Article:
Sunday was a momentous night at Boulder’s pub-fixture the West End Tavern. The establishment celebrated its 30th anniversary: three decades of great beer, whiskey, BBQ, and other great dishes. But, to be honest, the momentousness derived more from a separate occasion: the possibility of crowning a 100th Wing King.
The Wing King is a wing-eating contest that West End Tavern has been running for years. Competitors face off, each with his or her own bucket of 50 wings in front of them. They have 30 minutes to finish all of them, and the first person to do so is crowned Wing King, a title which earns them a picture on the wall (until they are dethroned by the next Wing King) and a substantial number of free wings for the coming year. There were 99 prior wing kings before Sunday night, and if anyone succeeded in finishing their 50 wings in the 30 minute time window, she would become the last ever wing king and the event would be discontinued forevermore. However, should no one finish 50 wings in 30 minutes, their would be no heir to the throne crowned.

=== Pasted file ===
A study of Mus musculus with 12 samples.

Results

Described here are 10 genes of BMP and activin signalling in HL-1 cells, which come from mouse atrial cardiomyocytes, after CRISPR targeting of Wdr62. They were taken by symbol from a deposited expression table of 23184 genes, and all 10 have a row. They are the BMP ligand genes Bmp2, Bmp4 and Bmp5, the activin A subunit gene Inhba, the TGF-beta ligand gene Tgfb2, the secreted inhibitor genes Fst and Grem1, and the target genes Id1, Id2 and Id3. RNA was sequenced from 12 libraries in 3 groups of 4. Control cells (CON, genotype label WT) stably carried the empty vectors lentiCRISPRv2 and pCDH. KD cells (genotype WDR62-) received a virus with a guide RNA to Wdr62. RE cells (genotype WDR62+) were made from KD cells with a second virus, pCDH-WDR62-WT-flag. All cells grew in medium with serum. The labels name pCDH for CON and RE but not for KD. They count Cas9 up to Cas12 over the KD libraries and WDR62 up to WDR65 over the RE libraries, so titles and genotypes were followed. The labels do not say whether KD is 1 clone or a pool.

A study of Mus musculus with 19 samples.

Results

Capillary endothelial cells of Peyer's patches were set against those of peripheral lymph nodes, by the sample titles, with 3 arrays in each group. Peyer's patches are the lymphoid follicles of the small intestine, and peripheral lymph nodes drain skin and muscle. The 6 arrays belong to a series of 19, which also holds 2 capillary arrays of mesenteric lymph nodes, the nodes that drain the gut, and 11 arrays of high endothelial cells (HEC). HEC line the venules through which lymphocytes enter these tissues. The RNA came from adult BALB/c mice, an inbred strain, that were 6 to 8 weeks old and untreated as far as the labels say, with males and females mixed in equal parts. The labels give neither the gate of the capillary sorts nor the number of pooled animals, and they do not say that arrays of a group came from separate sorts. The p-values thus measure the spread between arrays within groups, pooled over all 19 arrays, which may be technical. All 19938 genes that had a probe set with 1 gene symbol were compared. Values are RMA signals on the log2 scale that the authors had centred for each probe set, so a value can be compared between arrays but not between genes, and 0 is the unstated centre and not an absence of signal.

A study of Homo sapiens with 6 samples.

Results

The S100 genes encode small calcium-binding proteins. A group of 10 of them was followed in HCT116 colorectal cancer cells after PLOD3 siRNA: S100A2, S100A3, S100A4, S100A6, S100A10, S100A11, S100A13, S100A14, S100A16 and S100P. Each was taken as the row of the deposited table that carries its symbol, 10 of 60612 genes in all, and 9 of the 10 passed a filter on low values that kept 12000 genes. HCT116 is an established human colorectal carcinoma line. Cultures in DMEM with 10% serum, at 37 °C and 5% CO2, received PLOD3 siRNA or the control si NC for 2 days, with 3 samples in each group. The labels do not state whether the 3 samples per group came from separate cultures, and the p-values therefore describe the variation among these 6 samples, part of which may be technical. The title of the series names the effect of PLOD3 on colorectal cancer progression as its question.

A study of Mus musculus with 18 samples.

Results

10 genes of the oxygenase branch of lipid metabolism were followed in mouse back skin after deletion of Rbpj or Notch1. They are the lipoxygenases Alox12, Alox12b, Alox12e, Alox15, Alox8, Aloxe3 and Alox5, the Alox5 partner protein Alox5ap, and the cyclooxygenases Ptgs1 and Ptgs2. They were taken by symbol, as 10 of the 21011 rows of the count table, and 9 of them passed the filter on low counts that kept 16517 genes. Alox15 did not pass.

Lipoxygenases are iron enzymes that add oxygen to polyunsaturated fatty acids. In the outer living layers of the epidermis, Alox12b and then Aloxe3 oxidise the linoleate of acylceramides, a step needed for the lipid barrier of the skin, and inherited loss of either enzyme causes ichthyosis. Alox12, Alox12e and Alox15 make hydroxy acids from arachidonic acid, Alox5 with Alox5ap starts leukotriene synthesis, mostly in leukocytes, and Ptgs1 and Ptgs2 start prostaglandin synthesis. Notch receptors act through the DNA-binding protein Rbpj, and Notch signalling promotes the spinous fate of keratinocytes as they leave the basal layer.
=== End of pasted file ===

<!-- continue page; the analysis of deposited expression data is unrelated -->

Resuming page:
In West End Tavern’s early days, anyone could come in at anytime and attempt the Wing King challenge. But eventually it became too frequent, and too much of a distraction to unwitting diners. Wing King became an event only held on special occasions.
Sunday night was to be a head-to-head competition. Two individuals in their twenties—one girl, one guy—would duke it out. The strategies employed were different but both gave it their all. In the end, after some of the most disturbing and brilliant displays of mass eating I’ve ever seen (to be fair, I’ve never been to any other competitive eating events), both participants came up short.
The “Wingmaster” in charge of the competition, clearly disappointed at the lack of a winner but thrilled at the excitement in the room, said into the microphone, “We’ll see you in 365 days, folks.” So the 100th Wing King will have to wait for another year at least. Do you have what it takes?
Check out the West End Tavern, at 926 Pearl St, Boulder, to mull it over with a beer.